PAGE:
Since I think that it’s pretty safe to say that it is mostly my women friends that check out this site, I thought I’d put a link on here to an interesting article. I like to think that I am usually a pretty open-minded person although it is becoming clearer and clearer to me that I am not.
Also, I especially hate it when moms judge each other. I think that all moms are probably doing the best they can, and so, short of abuse, I think that it is generally a better idea to support rather than villanize. Enough fighting about whether or not it is better to stay at home or work outside.
That said: I’m going to judge away.
About a year ago I read an essay written by author Ayelet Waldman about marriage and motherhood. Waldman had been featured on Oprah on a show entitled, “A Mother’s Controversial Confession.” While I would like to say that I never watch tripe like Oprah, and especially shows involving phrases like “controversial confession” I would be lying. While I am not glued to the couch every afternoon at four o’clock like Eric likes to think that I am, I do, from time to time, enjoy a little of the guilty pleasure that is Oprah Winfrey.
Anyway, the show centered around the buzz created by an essay that Waldman wrote for the book “Because I Said So: 33 Mothers Write About Children, Sex, Men, Aging, Faith, Race and Themselves“, an anthology edited by Kate Moses and Camille Peri, In the essay Waldman goes from a gloating announcement that she is the only mommy she knows having any sex to saying that she loves her husband more than she loves her children. And not just that she loves him more, but that she could more easily imagine a life after the loss of all four of her children than one after the loss of her husband.
“An example: I often engage in the parental pastime known as God Forbid. What if, God forbid, someone were to snatch one of my children? God forbid. I imagine what it would feel like to lose one or even all of them. I imagine myself consumed, destroyed by the pain. And yet, in these imaginings, there is always a future beyond the child’s death. Because if I were to lose one of my children, God forbid, even if I lost all my children, God forbid, I would still have him, my husband.But my imagination simply fails me when I try to picture a future beyond my husband’s death. Of course I would have to live. I have four children, a mortgage, work to do. But I can imagine no joy without my husband.I don’t think the other mothers at Mommy and Me feel this way. I know they would be absolutely devastated if they found themselves widowed. But any one of them would sacrifice anything, including their husbands, for their children.”
(Read the essay in its entirety at http://www2.oprah.com/tows/booksseen/200504/tows_book_20050420_kmose_b.jhtml)
I was horrified. I am definitely in the Mommy and Me group. Not only would I sacrifice Eric for the girls but I can tell you that he better damn well do the same to me.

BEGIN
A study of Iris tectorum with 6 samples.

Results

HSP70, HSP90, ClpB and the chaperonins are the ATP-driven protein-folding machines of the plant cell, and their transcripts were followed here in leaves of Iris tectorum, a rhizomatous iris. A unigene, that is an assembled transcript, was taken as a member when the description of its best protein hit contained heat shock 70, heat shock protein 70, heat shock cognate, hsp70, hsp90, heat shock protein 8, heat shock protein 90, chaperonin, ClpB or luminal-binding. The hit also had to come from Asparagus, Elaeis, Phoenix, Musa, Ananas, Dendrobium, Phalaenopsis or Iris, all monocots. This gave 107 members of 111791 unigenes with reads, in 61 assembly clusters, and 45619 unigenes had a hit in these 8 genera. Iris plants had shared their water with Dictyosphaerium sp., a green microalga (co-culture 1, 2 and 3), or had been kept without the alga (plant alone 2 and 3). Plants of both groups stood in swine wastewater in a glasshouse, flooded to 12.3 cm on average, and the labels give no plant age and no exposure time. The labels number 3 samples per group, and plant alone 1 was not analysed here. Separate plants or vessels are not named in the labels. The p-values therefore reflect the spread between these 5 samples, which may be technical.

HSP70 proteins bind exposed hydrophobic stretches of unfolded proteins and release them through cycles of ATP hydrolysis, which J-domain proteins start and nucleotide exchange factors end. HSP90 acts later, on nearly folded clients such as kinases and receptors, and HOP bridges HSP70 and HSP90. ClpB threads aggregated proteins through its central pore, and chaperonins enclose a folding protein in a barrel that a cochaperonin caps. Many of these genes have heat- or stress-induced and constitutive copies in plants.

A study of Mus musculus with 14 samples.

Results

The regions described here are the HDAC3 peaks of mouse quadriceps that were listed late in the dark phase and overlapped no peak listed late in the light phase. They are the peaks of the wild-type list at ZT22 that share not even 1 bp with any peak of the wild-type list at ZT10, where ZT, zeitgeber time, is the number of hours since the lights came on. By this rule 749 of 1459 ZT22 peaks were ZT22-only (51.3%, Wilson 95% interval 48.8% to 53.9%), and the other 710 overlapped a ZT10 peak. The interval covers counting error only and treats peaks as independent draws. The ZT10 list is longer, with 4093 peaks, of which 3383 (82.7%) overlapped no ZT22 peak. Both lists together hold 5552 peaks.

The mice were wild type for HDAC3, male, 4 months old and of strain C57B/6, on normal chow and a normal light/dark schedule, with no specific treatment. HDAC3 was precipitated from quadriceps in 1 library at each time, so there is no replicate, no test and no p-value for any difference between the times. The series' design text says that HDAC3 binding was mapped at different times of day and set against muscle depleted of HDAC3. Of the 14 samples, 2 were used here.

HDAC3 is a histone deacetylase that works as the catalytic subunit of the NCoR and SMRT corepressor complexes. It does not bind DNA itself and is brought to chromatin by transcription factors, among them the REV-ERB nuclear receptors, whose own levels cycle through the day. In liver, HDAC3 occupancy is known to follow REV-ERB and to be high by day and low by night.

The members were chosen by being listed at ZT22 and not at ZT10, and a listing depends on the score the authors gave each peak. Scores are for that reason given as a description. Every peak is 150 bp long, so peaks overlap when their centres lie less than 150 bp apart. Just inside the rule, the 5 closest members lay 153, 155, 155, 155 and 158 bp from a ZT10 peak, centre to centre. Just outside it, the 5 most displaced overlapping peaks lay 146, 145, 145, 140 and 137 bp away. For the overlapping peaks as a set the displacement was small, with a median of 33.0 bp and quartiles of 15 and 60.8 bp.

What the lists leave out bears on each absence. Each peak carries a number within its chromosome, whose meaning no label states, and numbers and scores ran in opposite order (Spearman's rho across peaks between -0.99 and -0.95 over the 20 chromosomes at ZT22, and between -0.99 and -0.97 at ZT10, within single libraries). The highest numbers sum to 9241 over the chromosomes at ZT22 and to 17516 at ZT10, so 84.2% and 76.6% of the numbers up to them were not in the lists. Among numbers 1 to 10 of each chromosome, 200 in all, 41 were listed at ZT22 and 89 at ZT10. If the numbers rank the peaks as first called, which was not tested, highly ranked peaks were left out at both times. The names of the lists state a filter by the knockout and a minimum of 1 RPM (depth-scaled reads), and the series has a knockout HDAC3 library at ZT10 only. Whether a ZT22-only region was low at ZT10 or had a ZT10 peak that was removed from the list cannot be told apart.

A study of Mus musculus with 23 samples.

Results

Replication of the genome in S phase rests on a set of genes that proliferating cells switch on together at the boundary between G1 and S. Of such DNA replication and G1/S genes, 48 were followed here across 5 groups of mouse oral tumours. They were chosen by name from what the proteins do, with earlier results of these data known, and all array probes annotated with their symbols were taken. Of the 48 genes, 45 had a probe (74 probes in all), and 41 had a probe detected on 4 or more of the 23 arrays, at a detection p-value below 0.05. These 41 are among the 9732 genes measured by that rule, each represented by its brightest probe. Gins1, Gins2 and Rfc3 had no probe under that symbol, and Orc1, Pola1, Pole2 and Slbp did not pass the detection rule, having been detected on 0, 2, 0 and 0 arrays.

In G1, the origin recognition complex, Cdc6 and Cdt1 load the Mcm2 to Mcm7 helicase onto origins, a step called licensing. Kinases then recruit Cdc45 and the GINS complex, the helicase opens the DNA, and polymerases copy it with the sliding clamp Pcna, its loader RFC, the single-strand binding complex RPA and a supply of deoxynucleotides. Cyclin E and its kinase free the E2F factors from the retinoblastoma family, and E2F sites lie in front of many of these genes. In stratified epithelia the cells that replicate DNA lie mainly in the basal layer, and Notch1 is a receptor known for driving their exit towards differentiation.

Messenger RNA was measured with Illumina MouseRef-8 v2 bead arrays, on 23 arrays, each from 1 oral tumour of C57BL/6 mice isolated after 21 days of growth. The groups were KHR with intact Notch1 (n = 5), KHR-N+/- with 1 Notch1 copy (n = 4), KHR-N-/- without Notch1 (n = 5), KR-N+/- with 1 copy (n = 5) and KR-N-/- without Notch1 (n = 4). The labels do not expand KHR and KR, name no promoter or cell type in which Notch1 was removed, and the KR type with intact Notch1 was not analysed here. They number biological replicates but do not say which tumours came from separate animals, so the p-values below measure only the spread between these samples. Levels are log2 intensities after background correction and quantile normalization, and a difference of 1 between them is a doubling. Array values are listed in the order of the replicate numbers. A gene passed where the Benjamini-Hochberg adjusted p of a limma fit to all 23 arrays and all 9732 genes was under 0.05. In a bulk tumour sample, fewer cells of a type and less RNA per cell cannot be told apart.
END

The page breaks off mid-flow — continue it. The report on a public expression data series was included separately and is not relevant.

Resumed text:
Maybe I am less fazed than Waldman by the idea of widowhood because my mother was widowed at my age and so it is something have thought about, no obsessed about, since I was a teenager falling in puppy love with the boy in from of me in English class. I have always been acutely aware that I should be prepared for such an unlikely event.
Maybe it is because my own membership in the neuro-oncology patient club has given me a gift in the knowledge that I will almost certainly not outlive either my husband or my children, which is just fine by me.
But, I think that my problem with the essay lies in the idea that I feel like parents should be crazy in love with their children. And while I will be the first to admit that motherhood is hard work that sometimes leaves me grumpy and exhausted, that exhaustion doesn’t make me love these kids any less.
I mean my god, who looked a their child in the delivery room and thought, “Eh, that nose looks better on her dad?”
Perhaps it isn’t that she doesn’t love her kids any less than I do, maybe she just loves her husband more. Sure I love Eric, but admittedly we do not have the long talks about our wonderful marriage that Waldman and her husband do. I do not consider Eric the sun around which my life revolves. I consider us friends (although not the best either of us has) and partners both in life and in this job we have made for ourselves to raise these girls.
Eric and I have a marriage that’s best qualities right now, in the depths of brand new parenthood, are the fact that neither of us has to worry about cheating and we both know that the other will wait this thing out. We joke about divorce about 23 ½ hours a day, but when it comes down to it we both know that, at least for now, inertia is strong enough to keep us from going anywhere. Famous last words? Perhaps.
That said, I just finished her book Love and Other Impossible Pursuits and I loved it. I guess the old saying is right: never judge a book by the ridiculous crap its author has said in the past that offended you… or something like that.